Selecting and employing sound water utility management techniques play a critical role to increase the efficiency of water conservation efforts. See how technology streamlines process modern water management.
FREMONT, CA: The water utility industry is rapidly evolving to meet the demands of the dynamic and competitive market. Climate changes are resulting in water scarcity and altering flood patterns. Global warming is giving to extreme weather conditions causing urban water supply to dry down. Performing long term impact assessments and managing ecosystems to monitor resource extraction, industrial use, and consumption is no longer optional. In response to these challenges, water utilities are navigating along the path of transformation. Change management has become a daily activity, and compelling providers are responding and adapting to these new business and technology requirements. New opportunities come along with these challenges as global utilities being the beneficiaries.
The transformation of water utilities is from a data-rich environment to more of a knowledge-rich environment. The digital transformation reflects the extensive adoption of technologies such as remote sensing, asset management, customer engagement, predictive analytics, artificial intelligence, and cybersecurity. The value of digital technologies in transforming water utilities is clear. There may be an opportunity to harness these technologies to fuel the adoption of alternative water supply and demand solutions. There is now an expanded menu of technologies beyond traditional infrastructure solutions. Below is an overview of digital technology categories and its application for water utilities.
Going digital always means using data to make informed decisions. Calculated key parameter indicators, images, texts, and sensors are the sources of data. Sensor data is crucial as they are more reliable. There are novel sensors in the arena, which can include automatic cleaning devices as additional developments are required to enhance the reliability of sensor data and reduce maintenance efforts. A few solutions are specialized in providing reconciled data for monitoring, controlling, and online simulation. Some sensing-based technologies include satellite image for efficient leak detection. Water utilities are also using smart remote sensing products that are placed in tunnels to provide early detection of any damage.
Most utilities have the opinion that utilizing data from the legacy system is challenging. The vital factor to maximizing the use of data is the ability to assess the data when the applications need it. There is increased use of Application Programming Interface (API). API provides a programmatic way for retrieving data by any software application. Variety of software applications among water utilities are using APIs to access the data from existing systems, sensors, and other applications regardless of their location and the functionality. The same data sets can be reused for other tasks and thereby, increasing the value of digital solutions.
There is a surge in the use of machine learning within the water sector. It is a subset of artificial intelligence that comprises a set of algorithms that learn the behavior of a system from retrieved data and develops a model to utilize for predictive maintenance. Companies around the world are developing custom software based on utilities' demands. Most hardware companies today are also providing software services as their products are enriched with data analytics for insights, optimization, and future automation. Because water utilities are critical infrastructure, cybersecurity is often a priority. Future water utilities will need to enhance its operations with innovative cybersecurity solutions and migrate its software to cloud-based solutions.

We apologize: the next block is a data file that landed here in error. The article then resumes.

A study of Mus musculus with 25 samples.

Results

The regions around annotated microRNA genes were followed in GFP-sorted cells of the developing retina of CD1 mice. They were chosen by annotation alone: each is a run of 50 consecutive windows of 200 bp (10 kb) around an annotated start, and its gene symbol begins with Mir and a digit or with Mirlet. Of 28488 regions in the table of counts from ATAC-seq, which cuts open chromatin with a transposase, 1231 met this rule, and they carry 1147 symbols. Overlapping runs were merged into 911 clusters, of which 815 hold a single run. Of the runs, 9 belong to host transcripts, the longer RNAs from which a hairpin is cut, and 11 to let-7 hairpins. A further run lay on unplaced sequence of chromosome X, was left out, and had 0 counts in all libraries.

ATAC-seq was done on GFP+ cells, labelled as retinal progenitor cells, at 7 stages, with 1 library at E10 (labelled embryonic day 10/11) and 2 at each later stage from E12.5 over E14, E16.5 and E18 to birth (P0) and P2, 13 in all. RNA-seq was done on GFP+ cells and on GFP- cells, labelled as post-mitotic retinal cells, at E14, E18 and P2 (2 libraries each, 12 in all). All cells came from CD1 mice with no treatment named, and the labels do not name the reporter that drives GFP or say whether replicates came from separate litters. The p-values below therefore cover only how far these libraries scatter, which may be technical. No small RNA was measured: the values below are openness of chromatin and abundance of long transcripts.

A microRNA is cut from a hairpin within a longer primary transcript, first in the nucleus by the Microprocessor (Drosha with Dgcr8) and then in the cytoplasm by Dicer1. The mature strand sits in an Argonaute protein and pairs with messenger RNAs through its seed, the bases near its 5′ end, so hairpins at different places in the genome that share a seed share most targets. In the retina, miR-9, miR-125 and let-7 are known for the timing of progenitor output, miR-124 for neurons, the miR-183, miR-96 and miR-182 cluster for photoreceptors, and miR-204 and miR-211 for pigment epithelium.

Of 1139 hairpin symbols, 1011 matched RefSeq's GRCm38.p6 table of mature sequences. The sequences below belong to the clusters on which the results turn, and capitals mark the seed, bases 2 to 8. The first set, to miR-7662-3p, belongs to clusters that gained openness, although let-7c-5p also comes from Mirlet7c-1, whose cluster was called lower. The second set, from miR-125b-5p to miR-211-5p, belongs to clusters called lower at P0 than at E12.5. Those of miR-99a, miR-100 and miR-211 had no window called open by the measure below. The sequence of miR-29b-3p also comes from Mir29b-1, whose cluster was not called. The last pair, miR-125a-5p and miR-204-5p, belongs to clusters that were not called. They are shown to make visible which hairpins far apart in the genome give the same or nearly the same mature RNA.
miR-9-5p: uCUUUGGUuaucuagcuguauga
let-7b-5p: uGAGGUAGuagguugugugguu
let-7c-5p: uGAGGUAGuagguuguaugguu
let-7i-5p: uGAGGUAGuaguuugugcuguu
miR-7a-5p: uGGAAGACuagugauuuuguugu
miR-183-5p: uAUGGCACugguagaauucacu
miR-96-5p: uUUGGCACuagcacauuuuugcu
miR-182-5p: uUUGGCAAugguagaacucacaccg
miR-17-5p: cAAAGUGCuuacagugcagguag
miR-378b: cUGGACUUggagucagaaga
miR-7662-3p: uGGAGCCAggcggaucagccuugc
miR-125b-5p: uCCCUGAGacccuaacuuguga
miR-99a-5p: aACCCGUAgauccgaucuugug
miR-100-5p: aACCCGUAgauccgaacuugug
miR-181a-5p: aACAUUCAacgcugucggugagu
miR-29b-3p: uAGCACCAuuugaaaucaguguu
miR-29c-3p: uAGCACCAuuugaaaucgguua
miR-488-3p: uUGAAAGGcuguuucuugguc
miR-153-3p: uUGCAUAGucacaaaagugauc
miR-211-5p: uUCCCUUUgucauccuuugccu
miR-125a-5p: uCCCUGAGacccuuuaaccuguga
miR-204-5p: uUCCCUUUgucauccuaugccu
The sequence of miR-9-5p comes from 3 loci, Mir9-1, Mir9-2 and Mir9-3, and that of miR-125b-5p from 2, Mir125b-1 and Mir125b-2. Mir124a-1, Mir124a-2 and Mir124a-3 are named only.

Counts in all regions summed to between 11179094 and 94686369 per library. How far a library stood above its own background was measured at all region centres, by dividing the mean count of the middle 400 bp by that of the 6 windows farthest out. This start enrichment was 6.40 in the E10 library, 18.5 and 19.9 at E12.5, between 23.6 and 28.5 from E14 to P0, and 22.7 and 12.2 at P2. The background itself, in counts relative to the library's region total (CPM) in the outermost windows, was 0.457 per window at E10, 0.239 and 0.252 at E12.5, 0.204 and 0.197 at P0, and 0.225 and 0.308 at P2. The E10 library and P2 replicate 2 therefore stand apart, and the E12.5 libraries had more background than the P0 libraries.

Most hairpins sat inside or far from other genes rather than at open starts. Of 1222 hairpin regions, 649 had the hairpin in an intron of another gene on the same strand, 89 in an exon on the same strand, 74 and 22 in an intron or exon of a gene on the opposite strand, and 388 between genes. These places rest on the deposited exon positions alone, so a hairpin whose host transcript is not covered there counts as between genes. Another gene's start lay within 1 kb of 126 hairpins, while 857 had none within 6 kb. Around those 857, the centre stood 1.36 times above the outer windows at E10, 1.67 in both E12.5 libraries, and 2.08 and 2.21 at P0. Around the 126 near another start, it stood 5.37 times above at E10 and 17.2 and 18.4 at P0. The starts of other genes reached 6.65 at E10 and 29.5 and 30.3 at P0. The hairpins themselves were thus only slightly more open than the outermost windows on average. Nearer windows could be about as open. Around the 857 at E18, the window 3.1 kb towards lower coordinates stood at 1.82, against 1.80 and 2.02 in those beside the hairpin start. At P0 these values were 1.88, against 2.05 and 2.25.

The idea of managing the lifecycle of capital assets or asset management is becoming crucial in the water sector. Most water utilities today are working towards having every asset within the system with structured and unstructured data for actionable insights to decrease costs and risks. The integration of data structures with artificial intelligence can provide more accurate predictive asset management resulting in asset life extension. Increase in mobility is a principal change agent for reliable asset management. Mobility can provide access to data and critical application from anywhere by anyone. Asset management is also about mitigating risks in the water utility system. New business models such as pumps as a service or platform as a service are popping up in the sector, making a positive impact.
Customers are a top priority for water utility providers. Improving overall customer experience includes both transparent engagement and the delivery of cost-effective and reliable services. Sharing data with customers are helping to build trust and hope in case of an outage or water quality issue. Blockchain can expedite the transfer of data between customers and providers, resulting in more open transparency for all stakeholders. Many water utility providers are using engagement tools to enhance the overall customer experience. The water utility of the future may engage more with the customers and focusing on customization of services and creating new services. Ultimately all these translate into business success.
Digital technologies are drastically transforming the water sector. Imagine a hybrid utility that combines the positive attributes of centralized water systems with localized systems. Imagine customers and providers monitoring water quality at the tap on a real-time base with the ability to prevent health impacts. Yes, digital technologies could be the fundamental change agents for all of this to become a reality!